The Tampa Bay Buccaneers are 10-3, and they’ve gotten to that record largely on the strength of their spectacularly efficient offense. So far this season, Tampa ranks third in yards per game, first in points per game, second in yards per play, first in points per drive, first in expected points added (EPA) per play, and first in Football Outsiders’ offensive DVOA.
The main driver of their success, obviously, is Tom Brady. The current MVP favorite, the 44-year-old living legend is playing at as high a level as any quarterback in all of football. Brady has completed 68 percent of his passes at an average of 7.5 yards per attempt, and he’s thrown 36 touchdowns against only 10 interceptions. His ability to not only get the ball out quickly, but push it downfield while doing so, makes Bruce Arians and Byron Leftwich’s offense sing.
Of course, it helps to have Mike Evans and Chris Godwin on the outside and Rob Gronkowski at tight end, as well as arguably the NFL‘s best offensive line. And especially in more recent weeks, it has helped to have Leonard Fournette emerge as a core piece of the offense, rather than a mere complementary player who splits snaps with multiple other running backs.
Fournette has played at least 80 percent of Tampa’s offensive snaps in each of the last three games, and he’s totaled 49 carries for 257 yards and four touchdowns, along with 18 receptions for 98 yards and two more scores. The pass-catching, in particular, has been revelatory: Fournette has multiple receptions in every game this season, at least six receptions in five of the team’s eight most recent games, and a league-high (among running backs) 62 receptions overall. On Sunday night, he’ll try to lead the Buccaneers to their fifth straight win when they host the New Orleans Saints.
During his first season with Tampa, the completion rate was similar (71 percent), as was the yards per attempt figure (6.3), but those passes rarely moved the chains (16 percent) or created scores (1.7 percent). Fournette has a catch rate near 80 percent this season, a first-down rate of 35 percent, and a touchdown rate of 2.6 percent. That’s a massive improvement over what he and the other backs supplied a year ago.
Fournette is also having easily the most efficient rushing season of his career. He’s at a career-best 4.5 yards per carry. His runs have created positive EPA at a 47.4 percent rate, according to Tru Media, far above the league average of 38.3 percent. He’s gotten a first down on 26.3 percent of his carries and gained at least five yards on 36.3 percent of each, figures that also easily exceed the NFL averages of 22.9 percent and 34.3 percent, respectively. On third- or fourth-and-1, Fournette has converted 76.9 percent of his opportunities into a new set of downs or a touchdown, far better than the average rate of 67.8 percent.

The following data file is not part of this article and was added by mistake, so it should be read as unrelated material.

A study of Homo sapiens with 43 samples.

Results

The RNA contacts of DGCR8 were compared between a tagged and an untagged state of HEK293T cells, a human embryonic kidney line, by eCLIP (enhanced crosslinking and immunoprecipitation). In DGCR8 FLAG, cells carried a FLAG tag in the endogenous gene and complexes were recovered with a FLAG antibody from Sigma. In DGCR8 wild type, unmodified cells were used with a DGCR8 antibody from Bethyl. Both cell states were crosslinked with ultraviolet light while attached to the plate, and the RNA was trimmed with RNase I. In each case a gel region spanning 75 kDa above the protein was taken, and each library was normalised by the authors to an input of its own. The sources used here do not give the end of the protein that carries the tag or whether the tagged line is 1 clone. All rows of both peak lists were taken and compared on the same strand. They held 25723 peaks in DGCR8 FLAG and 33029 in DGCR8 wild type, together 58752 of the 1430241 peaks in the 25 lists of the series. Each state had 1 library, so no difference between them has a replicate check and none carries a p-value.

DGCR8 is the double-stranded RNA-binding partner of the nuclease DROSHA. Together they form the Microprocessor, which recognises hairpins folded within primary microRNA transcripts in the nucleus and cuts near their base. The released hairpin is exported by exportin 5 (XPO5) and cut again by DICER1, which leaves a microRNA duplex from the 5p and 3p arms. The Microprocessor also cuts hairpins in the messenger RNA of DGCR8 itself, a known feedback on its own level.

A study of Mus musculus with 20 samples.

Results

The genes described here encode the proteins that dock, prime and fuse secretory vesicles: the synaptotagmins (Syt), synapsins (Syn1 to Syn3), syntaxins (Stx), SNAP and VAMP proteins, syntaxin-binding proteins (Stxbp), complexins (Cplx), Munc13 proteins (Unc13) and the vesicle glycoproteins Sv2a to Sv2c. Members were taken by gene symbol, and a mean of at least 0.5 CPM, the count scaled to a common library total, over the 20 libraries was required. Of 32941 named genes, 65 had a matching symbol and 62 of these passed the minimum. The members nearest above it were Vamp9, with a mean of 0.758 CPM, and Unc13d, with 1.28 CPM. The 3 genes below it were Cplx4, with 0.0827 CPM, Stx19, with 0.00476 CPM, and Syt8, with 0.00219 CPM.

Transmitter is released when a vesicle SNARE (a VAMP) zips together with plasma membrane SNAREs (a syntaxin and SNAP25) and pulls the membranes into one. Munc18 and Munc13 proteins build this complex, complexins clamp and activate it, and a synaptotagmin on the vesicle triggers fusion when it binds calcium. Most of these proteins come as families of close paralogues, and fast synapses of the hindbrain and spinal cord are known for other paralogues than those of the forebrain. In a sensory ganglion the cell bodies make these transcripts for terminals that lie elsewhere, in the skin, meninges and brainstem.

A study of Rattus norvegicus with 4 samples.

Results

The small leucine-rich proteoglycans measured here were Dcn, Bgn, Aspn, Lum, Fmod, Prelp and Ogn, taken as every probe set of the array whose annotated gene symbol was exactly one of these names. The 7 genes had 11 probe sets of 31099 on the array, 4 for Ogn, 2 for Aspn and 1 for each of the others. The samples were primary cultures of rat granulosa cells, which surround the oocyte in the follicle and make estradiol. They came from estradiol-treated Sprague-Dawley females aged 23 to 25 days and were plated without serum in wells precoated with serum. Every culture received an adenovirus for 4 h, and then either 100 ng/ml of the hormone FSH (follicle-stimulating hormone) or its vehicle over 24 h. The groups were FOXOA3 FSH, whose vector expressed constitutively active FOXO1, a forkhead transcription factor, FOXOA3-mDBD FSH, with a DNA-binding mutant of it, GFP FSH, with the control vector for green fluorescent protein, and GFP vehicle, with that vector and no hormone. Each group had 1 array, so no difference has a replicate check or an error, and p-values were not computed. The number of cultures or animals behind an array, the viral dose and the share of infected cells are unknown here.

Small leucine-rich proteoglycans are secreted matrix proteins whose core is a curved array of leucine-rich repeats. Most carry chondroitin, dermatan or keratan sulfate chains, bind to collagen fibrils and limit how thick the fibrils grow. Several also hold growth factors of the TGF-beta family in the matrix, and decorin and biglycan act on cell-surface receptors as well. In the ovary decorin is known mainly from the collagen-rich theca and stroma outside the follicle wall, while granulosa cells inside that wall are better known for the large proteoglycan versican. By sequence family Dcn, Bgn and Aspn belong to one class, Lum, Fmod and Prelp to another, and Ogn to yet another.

All but one of this figures marks the best of his career.
Naturally, it helps that Fournette is running behind that same offensive line that protects Brady. Tampa’s group up front ranks only 15th in Pro Football Focus’ run-blocking grades, but also checks in first in Football Outsiders’ Adjusted Line Yards per carry and third in the share of their rushing attempts that have been stopped at or behind the line of scrimmage (12 percent), indicating that they’re doing a good job of putting Fournette in position to succeed.
So does Tampa’s play-calling. Only 12.9 percent of Fournette’s rush attempts have come against an eight-man box, per Tru Media. That’s the sixth-lowest rate among 42 running backs with 100 or more carries so far this season. Considering Fournette is averaging only 1.6 yards per carry in those situations, that makes sense. It’s a big part of the reason why only 12.3 percent of Fournette’s rush attempts have been stopped at or behind the line, far south of the league average of 16.6 percent.
They’re not just going to ram him into the line against a crowded front, banging their heads against the wall when it’s far preferable for Brady to throw the ball in those in those situations anyway. Instead, Fournette gets to run into light boxes and generate a head of steam, often with pullers out in front of him to take care of any pesky potential tacklers who might be lurking in open space. His sheer size (6-foot, 228 pounds) makes him extremely difficult to bring to the ground (hence the broken tackle rate mentioned earlier), and his overall athleticism (he graded out in the 96th percentile of athleticism among running backs based on his performance at the combine) makes it even tougher.
Crucially, Fournette doesn’t waste time dancing in the hole. According to NFL.com’s Next Gen Stats, Fournette spends just 2.65 seconds behind the line of scrimmage on his average carry, the fourth-lowest average time among 48 players with 75 or more carries. (He was at 2.76 seconds during his final season in Jacksonville. A tenth of a second might not seem like a lot, but every beat matters when holes open and closer in milliseconds.) He just gets north and south, taking advantage of the room those guys up front create for him. As such, he’s averaging 0.33 rushing yards over expectation per carry, the 13th-best mark among that same group of 48 players.
Perhaps most importantly, Brady seems to trust him. He did not have much apparent trust in any of the backs last season, and it resulted in the offense’s inconsistency through the first half of the season. Fournette’s emergence in the playoffs and consistent success this year have gotten him into the circle of trust, and allowed the Bucs to combine the best of their push-it-downfield system with the best of Brady’s surgical work underneath; and the overall success of the passing game gives Fournette more room to run than almost any back in the NFL. It’s a wonderful mix, and it has the Bucs once again looking like an inner-circle contender.